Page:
When I graduated from the University of Kentucky, College of Pharmacy, I thought, “This is it!” Finally, the exams, case studies and drug literature reviews were over. I had reached the end of a long and hard journey.
Now, 28 years later, I look back at that moment and realize that was just the beginning. When a patient asks me a pharmaceutical question, the answer I give is more important than a grade I received in college. A case study influenced by patient care or a drug literature review has the potential to prevent a negative patient outcome. I should have been celebrating the beginning of an adventure rather than the end of college.
Like most new pharmacists, my first days were humbling. I had more questions than answers and more fear of making a mistake than confidence in my ability. How was I supposed to remember everything I had ever learned? How could I ensure success? Then, I remembered something from my very first day of pharmacy school. The speaker that day said, “take care of your patients and they will take care of your career.” That moment, my world changed and my pharmaceutical adventure was underway.
I spent the first couple of years learning everything I could about pharmacies. I worked full-time at a retail pharmacy while moonlighting at a cardiac care hospital. I spent my “off” weekends working as a consultant pharmacist for a nursing home. Still, my patients needed me to learn more. In 1990, I was commissioned as an Air Force pharmacy officer. In support of Desert Storm, I learned to manage people and supplies, but most of all; I learned how important my role as a pharmacist was to our country’s most important patients — our military and their families. Upon separating from the Air Force, I assumed the role as pharmacy director and professor at the University of South Alabama Medical Center. I taught “pharmacy math” to medical residents and chemistry to general students, but I learned more than I taught. I learned how to meet the lifelong pharmaceutical needs of transplant patients and how to control pain in a burn unit. I learned that sometimes my patient’s family needed me more than the patient when their child was undergoing cancer treatments. Most of all, I learned that my job was less about what great things I could do and more about what the patient needed me to do.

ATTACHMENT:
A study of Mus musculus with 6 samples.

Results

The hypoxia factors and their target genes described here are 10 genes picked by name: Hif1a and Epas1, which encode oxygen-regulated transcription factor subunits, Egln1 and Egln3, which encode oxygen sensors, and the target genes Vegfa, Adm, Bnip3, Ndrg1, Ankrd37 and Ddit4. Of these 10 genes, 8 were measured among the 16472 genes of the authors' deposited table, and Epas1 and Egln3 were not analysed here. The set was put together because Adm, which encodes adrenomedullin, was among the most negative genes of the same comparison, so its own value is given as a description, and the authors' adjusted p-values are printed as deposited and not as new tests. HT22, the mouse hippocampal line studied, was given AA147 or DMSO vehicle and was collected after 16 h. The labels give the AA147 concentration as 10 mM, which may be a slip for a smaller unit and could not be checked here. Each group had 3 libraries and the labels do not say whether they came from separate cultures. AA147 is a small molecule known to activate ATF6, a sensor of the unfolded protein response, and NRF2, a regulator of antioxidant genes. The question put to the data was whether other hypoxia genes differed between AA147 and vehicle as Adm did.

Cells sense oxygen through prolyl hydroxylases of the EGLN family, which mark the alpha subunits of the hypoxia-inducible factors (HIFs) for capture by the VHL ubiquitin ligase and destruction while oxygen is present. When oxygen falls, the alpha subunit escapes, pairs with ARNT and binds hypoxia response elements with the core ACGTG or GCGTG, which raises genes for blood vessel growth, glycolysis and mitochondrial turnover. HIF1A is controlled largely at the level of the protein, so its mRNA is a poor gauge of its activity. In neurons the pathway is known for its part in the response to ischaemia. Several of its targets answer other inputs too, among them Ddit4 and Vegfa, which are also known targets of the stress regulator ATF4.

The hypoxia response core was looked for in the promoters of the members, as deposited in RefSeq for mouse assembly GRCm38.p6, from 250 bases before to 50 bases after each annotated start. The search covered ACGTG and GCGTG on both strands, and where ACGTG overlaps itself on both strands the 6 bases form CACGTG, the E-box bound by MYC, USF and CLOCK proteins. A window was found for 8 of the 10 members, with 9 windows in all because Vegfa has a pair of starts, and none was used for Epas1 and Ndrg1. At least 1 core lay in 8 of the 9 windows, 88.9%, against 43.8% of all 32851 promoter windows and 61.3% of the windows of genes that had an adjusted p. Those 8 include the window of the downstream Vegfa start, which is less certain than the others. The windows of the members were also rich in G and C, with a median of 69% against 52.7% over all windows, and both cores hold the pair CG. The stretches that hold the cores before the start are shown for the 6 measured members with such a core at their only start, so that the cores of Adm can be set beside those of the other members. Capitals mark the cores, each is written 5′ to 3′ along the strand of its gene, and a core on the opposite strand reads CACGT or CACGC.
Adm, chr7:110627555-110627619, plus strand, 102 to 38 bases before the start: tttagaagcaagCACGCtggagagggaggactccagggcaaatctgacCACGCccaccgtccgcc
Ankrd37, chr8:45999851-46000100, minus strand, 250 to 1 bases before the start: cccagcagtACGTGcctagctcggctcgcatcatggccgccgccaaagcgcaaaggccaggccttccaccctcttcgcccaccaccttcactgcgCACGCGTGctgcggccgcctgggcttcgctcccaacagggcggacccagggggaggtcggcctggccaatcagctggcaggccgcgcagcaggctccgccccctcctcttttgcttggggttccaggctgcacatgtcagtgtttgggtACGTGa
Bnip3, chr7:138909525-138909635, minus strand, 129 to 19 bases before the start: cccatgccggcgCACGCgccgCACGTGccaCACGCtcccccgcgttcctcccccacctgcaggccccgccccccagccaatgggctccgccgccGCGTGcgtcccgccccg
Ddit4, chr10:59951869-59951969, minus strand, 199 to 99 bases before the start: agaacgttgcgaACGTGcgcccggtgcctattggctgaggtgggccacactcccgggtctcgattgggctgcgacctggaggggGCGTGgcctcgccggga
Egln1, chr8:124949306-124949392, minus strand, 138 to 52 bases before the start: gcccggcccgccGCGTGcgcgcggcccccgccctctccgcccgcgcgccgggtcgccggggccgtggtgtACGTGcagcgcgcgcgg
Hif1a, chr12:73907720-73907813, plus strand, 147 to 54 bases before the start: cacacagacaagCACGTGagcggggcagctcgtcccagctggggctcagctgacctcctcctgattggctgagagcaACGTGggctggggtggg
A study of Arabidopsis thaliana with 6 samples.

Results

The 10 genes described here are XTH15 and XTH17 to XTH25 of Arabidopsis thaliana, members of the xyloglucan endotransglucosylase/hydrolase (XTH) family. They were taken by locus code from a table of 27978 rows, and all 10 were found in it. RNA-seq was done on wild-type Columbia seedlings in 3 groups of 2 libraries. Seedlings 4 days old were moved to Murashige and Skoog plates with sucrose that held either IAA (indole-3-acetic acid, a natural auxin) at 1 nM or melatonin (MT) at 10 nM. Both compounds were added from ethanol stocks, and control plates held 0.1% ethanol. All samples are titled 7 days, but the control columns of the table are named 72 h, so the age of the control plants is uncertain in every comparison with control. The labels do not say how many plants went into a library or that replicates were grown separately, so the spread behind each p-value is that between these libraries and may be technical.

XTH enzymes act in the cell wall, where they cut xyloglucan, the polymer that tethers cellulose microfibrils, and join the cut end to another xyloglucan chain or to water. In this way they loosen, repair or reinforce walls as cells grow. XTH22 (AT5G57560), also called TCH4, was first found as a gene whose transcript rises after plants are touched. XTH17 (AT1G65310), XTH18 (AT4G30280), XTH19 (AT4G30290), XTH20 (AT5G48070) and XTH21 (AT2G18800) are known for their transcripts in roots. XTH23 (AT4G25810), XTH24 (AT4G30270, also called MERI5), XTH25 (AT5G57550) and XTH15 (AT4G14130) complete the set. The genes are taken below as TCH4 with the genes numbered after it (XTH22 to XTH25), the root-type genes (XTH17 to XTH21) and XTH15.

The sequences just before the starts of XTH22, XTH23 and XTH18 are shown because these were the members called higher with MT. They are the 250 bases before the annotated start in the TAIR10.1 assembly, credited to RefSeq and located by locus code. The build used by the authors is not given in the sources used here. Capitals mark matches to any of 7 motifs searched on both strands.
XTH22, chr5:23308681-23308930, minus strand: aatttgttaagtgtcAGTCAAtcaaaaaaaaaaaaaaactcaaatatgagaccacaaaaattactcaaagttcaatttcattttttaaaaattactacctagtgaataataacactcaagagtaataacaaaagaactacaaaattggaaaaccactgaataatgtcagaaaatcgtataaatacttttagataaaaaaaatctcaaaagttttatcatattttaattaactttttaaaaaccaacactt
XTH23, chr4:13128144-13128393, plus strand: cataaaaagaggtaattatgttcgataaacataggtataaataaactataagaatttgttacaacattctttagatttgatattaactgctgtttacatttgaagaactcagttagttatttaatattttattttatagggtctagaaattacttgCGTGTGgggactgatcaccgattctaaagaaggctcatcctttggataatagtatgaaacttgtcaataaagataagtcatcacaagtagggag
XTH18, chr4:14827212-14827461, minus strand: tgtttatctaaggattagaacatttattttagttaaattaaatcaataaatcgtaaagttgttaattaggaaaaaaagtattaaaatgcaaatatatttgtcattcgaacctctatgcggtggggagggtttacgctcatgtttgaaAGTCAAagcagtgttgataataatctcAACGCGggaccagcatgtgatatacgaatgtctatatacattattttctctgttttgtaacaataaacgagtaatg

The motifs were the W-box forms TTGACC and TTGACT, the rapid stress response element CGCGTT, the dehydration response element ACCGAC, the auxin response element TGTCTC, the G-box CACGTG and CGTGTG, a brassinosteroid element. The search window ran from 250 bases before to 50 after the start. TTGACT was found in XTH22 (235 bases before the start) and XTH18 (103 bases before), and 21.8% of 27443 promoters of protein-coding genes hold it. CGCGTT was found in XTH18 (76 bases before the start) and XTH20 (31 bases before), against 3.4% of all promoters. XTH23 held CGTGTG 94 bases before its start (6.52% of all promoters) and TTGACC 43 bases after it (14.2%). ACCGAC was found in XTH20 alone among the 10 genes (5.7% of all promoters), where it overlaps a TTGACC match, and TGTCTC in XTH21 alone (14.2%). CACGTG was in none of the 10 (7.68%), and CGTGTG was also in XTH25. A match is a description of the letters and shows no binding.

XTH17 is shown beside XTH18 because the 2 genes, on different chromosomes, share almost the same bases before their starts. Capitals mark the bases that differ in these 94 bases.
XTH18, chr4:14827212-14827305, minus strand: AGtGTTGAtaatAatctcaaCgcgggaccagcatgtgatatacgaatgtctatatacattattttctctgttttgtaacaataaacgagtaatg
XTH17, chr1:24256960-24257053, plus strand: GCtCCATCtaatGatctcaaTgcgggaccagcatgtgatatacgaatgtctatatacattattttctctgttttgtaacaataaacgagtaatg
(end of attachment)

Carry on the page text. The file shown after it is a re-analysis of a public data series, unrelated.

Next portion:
After Hurricane Katrina forced my family to relocate to Pensacola, I once again had the opportunity to serve military patients at Naval Hospital Pensacola (NHP). The primary care services were reorganizing into Medical Homeport Teams, and I was tasked with embedding pharmacists in the new primary care model. This is where my adventure changed from a comfortable trip down a lazy river to a thrill-a-minute roller coaster ride.
In 2009, when NHP embedded our first pharmacists in Family Medicine, we faced many challenges. Once again, the pharmacists spent as much time learning as teaching. We learned how to use AHLTA, coding and how to work “inside” the healthcare team. We taught providers and the support staff about the services we could provide. That first year, we asked more questions than we answered and believed that if we did the right thing for the patient, the rest of it would fall into place.
It has only been six years since pharmacists were embedded in the NHP Medical Homeport Teams, but we are light-years from where we started. Today, pharmacists manage both chronic illnesses and self-limiting acute care conditions such as seasonal allergies and common colds. They provide point-of-care testing for patients who need anticoagulation therapy monitoring and are an integral part of the pain management program. The Medical Homeport’s ability to shift workload to the embedded pharmacists has improved access to care, the quality of care and patient and provider satisfaction.
As much as pharmacy has changed over the years, the foundation of pharmacy practice remains the same. While the pharmacists have assumed the title of “pharmacist provider” and independently managing many conditions, the pharmacist’s most important role is still being the patient’s medication expert.
I’m Lisa Fournier. I am Navy Medicine.